It’s hard to decide if Florida is behind the times or just brilliant in its antiquated simplicity. While the entirety of the federal courts and the majority of states have adopted the Daubert standard for admission of expert testimony, Florida has for years remained seemingly content to follow Frye. Whether you find this outdated or ingenious likely depends on whether you believe Daubert is a more stringent standard or merely just a more detailed recitation of factors the courts were already considering under Frye. Your answer may also depend on whether you represent primarily plaintiffs or defendants.
It has been interesting to watch the debate develop among commentators, bar members, and various lobbying organizations within the Florida Bar over the Bar’s upcoming December 4, 2015 recommendation to the Florida Supreme Court on whether to adopt the Daubert standard as a rule of evidence. While the Legislature adopted the standard years ago (think side ponytails and high-top sneakers circa 1993) as the procedure for admission of expert testimony, the Florida Supreme Court made it clear the statute could not stand as a rule of evidence unless adopted by the court. That is the decision that now stands before the Court. Before making such an important decision, the Court sought input from the Bar and the Bar, in turn, sought input from its members. Hundreds of comments poured in from Florida lawyers, initiating a pretty heated debate and revealing a rather obvious split among the parties with the plaintiff’s bar fighting strenuously for retention of Frye and the defense bar championing the Daubert standard.
Has Daubert become such a tedious checklist for expert admissibility that it is used more often than not merely as a strategic device to fatigue plaintiff’s counsel? Or, is the Frye standard such a loose line in the sand that it fosters the admission of unreliable expert testimony? With respect to the jury, does Daubert truly protect jurors from unaccepted, untested smoke-and-mirrors science, or is there any room to give the jury credit where credit is due, i.e., in that an attempt to offer testimony so outlandish should backfire. In theory, should the hard-fought and coveted trust of the jury serve sufficiently as its own Daubert standard without the need to deplete the resources of the courts, opposing counsel and clients with numerous, strenuous Daubert motions? Or are you laughing at such a ludicrous proposition? Either way, do you feel your approach to Daubert and your personal proclivities as to whether you feel it is a valid gate-keeping function or just another procedural quagmire depends, at least in part, on which side of the “V” you stand? It is an interesting question and one you may find tough to answer as we all try to consider ourselves open to seeing both sides to every story. Yet, when we spend years honing our skills in a particular area of practice, we cannot help but feel compelled to fight for “our side.”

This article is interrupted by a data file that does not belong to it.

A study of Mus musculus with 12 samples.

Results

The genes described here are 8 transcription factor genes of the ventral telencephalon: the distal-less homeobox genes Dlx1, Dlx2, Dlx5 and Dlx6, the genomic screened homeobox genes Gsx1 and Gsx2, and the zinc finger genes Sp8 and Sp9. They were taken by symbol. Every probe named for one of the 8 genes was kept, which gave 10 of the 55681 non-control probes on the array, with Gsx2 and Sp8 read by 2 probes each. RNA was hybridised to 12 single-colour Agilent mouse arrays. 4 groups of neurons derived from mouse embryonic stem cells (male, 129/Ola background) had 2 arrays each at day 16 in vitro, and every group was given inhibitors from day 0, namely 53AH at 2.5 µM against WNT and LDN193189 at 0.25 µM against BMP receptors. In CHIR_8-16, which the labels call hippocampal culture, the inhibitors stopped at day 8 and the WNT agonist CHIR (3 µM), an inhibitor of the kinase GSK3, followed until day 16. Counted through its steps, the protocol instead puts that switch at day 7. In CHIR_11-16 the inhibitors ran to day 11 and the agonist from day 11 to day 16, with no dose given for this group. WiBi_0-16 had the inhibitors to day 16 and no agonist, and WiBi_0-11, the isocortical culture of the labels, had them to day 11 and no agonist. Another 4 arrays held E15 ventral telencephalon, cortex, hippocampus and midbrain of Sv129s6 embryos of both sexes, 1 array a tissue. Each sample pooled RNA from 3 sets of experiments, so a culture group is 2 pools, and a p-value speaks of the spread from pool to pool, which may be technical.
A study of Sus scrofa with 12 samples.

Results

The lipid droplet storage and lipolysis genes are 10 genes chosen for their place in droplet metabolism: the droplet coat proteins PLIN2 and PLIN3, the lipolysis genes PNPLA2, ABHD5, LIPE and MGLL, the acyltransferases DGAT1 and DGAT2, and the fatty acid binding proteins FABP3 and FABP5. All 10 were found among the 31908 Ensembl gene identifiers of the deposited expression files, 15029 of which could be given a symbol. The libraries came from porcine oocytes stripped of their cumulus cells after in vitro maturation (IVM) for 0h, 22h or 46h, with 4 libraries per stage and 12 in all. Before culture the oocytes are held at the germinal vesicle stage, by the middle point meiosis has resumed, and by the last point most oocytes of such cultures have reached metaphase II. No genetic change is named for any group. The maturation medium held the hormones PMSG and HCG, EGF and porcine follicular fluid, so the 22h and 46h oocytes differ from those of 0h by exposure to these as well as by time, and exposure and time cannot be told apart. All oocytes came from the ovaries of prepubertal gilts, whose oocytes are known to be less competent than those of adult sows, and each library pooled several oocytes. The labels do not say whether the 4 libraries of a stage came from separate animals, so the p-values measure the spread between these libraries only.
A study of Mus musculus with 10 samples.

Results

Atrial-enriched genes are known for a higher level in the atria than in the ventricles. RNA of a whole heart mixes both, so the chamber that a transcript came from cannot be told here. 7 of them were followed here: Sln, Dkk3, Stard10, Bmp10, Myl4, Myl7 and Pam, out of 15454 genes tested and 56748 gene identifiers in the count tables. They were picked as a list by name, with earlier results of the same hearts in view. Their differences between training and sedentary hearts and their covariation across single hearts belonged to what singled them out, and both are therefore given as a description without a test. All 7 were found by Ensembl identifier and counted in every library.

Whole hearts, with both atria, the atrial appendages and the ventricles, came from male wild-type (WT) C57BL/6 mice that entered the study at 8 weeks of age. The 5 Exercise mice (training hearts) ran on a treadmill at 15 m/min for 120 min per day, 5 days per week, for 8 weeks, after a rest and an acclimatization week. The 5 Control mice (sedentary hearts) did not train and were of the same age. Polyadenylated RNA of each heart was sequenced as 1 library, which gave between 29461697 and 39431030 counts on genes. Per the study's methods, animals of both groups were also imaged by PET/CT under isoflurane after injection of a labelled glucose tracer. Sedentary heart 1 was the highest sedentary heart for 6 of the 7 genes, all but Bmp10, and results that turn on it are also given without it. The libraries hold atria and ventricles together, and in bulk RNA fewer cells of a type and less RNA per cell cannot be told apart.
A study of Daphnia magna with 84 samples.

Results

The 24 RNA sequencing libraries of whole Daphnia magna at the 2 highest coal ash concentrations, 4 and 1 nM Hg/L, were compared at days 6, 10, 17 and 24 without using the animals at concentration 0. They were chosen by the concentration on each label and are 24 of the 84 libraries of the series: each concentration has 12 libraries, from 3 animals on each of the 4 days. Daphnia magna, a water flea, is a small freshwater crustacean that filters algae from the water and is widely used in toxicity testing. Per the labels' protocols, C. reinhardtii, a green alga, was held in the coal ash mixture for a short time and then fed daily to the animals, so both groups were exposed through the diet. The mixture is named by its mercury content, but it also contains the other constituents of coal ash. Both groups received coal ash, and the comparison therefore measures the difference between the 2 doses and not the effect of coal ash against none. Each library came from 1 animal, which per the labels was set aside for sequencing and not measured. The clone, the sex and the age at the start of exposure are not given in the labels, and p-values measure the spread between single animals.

We find these types of evidentiary developments and debates intriguing. Our question to you is this: Is it generally perceived (where you practice) that Daubert is a tool more often approved of by the defense and despised by plaintiff’s counsel? If so, why? Do you feel the Frye vs. Daubert debate has exposed a somewhat heated partisan split between the plaintiff and defense bar? If you disagree, even better! We want to hear from you. Are there any plaintiff’s bar proponents of Daubert or defense bar supporters of Frye out there? Thoughtful discourse is the cornerstone of the legislative process. Join the debate!
Update 12/7/2015: The Board of Governors of the Florida Bar voted 33-9 to recommend that the Florida Supreme Court reject Daubert as the state court’s standard for expert witness admissibility. The Board will send its recommendation to the Supreme Court in the next three months, before the court decides whether to examine the matter further. Oral arguments could take place next summer, followed by a decision before the end of 2016.
UPDATE (February 16, 2017): In a rather-sweeping rejection of conservative-backed policy, the Florida Supreme Court, in a 4-2 decision, decided to side with the plaintiffs’ bar in its refusal to adapt Daubert as the gatekeeping standard for the admission of expert testimony in state court. “We decline to adopt the Daubert Amendment to the extent that it is procedural, due to the constitutional concerns raised,” said the majority opinion by Chief Justice Jorge Labarga and Justices R. Fred Lewis, Barbara Pariente and Peggy A. Quince, which include “undermining the right to a jury trial and denying access to courts.” As most attorneys view the Frye standard as an easier avenue for plaintiffs to present damaging expert testimony to the jury, many will likely view this as a stiff blow to the defense bar and its big-business clientele.